Descriptive Numbers in Prague

Buildings in Prague have two numbers: a descriptive number (číslo popisné) and a reference number (číslo orientační). The descriptive number is unique within one cadastral area. Today these numbers can be found on red plaques, but the original numbers were either painted or engraved onto the buildings or etched onto the front door windows (as is the case with conscription numbers in places like Lviv and Vienna).

In the nineteenth century, Prague’s buildings were given new orientation numbers, which are arranged sequentially within the street or square and are meant to help one find a particular house on a street. Today these numbers are found on blue plaques.

“The first descriptive numbering was ordered by Maria Theresa in 1770 and implemented in 1770–1771. The series was given successively as the soldiers went through the settlement describing houses with numbers. Thereafter, every new house was allocated the next number sequentially, irrespective of its location. Most villages still use their original number series from 1770–1771. In cities, houses have been renumbered once or more often in order to be sequential—the first wave of renumbering came in 1805–1815. In 1857, the Austrian Emperor allowed a new system of numbering by streets. This new system was introduced in the biggest cities (Prague, Brno) in the 1860s. In 1884, land registration books were introduced and they used the old (description) numbers as a permanent and stable identifier of buildings. The new (orientation) numbers continue to be used concurrently,” from Wikipedia.

8 thoughts on “Prewar Painted Stripes in Lviv

  1. Thank you Areta for another important and timely blog post on the challenges and issues of Jewish heritage and recovery of memory. We are hopeful that soon the headstones used as basement steps in a courtyard in Lviv (Hałycka Płoszcza 15 / Galitskaya 15) will be recovered. The Lviv Volunteer Center is working behind the scenes to make this happen, with the support of the Lviv Jewish community and others.

  2. This is the part that blows my mind: “During periods of transition, the records occasionally show the use or mix of two languages—Church Slavonic and Latin, or Latin and Ukrainian…”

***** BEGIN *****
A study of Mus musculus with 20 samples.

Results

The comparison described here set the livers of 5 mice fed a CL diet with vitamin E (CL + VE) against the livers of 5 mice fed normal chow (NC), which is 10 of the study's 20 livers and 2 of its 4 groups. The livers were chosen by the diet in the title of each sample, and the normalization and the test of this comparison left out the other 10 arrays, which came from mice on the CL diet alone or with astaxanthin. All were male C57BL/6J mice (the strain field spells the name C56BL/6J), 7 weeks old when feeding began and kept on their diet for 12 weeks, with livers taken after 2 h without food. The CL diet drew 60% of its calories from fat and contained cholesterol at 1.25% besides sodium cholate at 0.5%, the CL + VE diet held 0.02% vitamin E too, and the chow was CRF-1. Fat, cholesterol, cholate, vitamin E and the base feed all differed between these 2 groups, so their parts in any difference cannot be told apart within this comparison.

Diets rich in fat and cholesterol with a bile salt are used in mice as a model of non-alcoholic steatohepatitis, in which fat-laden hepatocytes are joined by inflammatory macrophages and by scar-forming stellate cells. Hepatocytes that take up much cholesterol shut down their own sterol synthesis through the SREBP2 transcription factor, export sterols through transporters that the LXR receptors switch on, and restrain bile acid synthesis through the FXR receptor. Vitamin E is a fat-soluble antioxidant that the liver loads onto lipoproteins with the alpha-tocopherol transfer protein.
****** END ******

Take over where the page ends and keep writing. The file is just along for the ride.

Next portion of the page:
SO COOL!
    Thanks, Areta!

  3. > The largest and best-preserved fragment of Lviv’s medieval defense structures is the Hlyniany Gate (1618)

    Areta, Hlyniany Gate and wall around it have been renovated.

    There used to be some residential building in its place (behind the now-demolished fire station in the foreground)
    https://lh3.googleusercontent.com/-N3g4hWC9YuQ/TbF5heED-OI/AAAAAAAAE2o/r66p5JhJ9iMx0UWnvU7y4dyC_M14zc8XwCCoYBhgL/s0/mit-001.jpg

    Building, close-up
    https://audiovis.nac.gov.pl/i/PIC/PIC_2-8519.jpg

    The wall looked like this
    https://audiovis.nac.gov.pl/i/PIC/PIC_1-U-3615.jpg

  4. Any idea what the Yiddish is on the hat sign on the right? I can make out most of the letters, but my Yiddish isn’t good enough to fill in the blanks. I used to pass by that wall frequently on my way to a friends house, but he has moved since then. It’s still my favorite ghost sign, though 🙂

  5. Kudos to you, Aretha. I came across your blog from a repost from one of your diaspora Ukrainian language from Pre-war Galicia words versus accepted and widely used Post-war words for a long list of foods. I too grew up in the diaspora in Cleveland. I was in Lviv in November of this soon to be last year. Although Lviv is my Dad’s ancestral city, I had family from Central Ukraine and grew up hearing both dialects. I think the blog was from 2014 or 2015. I wanted to leave a comment on your new blog and commend you for the interesting sociolinguistic and cultural discussions you have initiated. Nice to see that you are now in the field doing your research first-hand.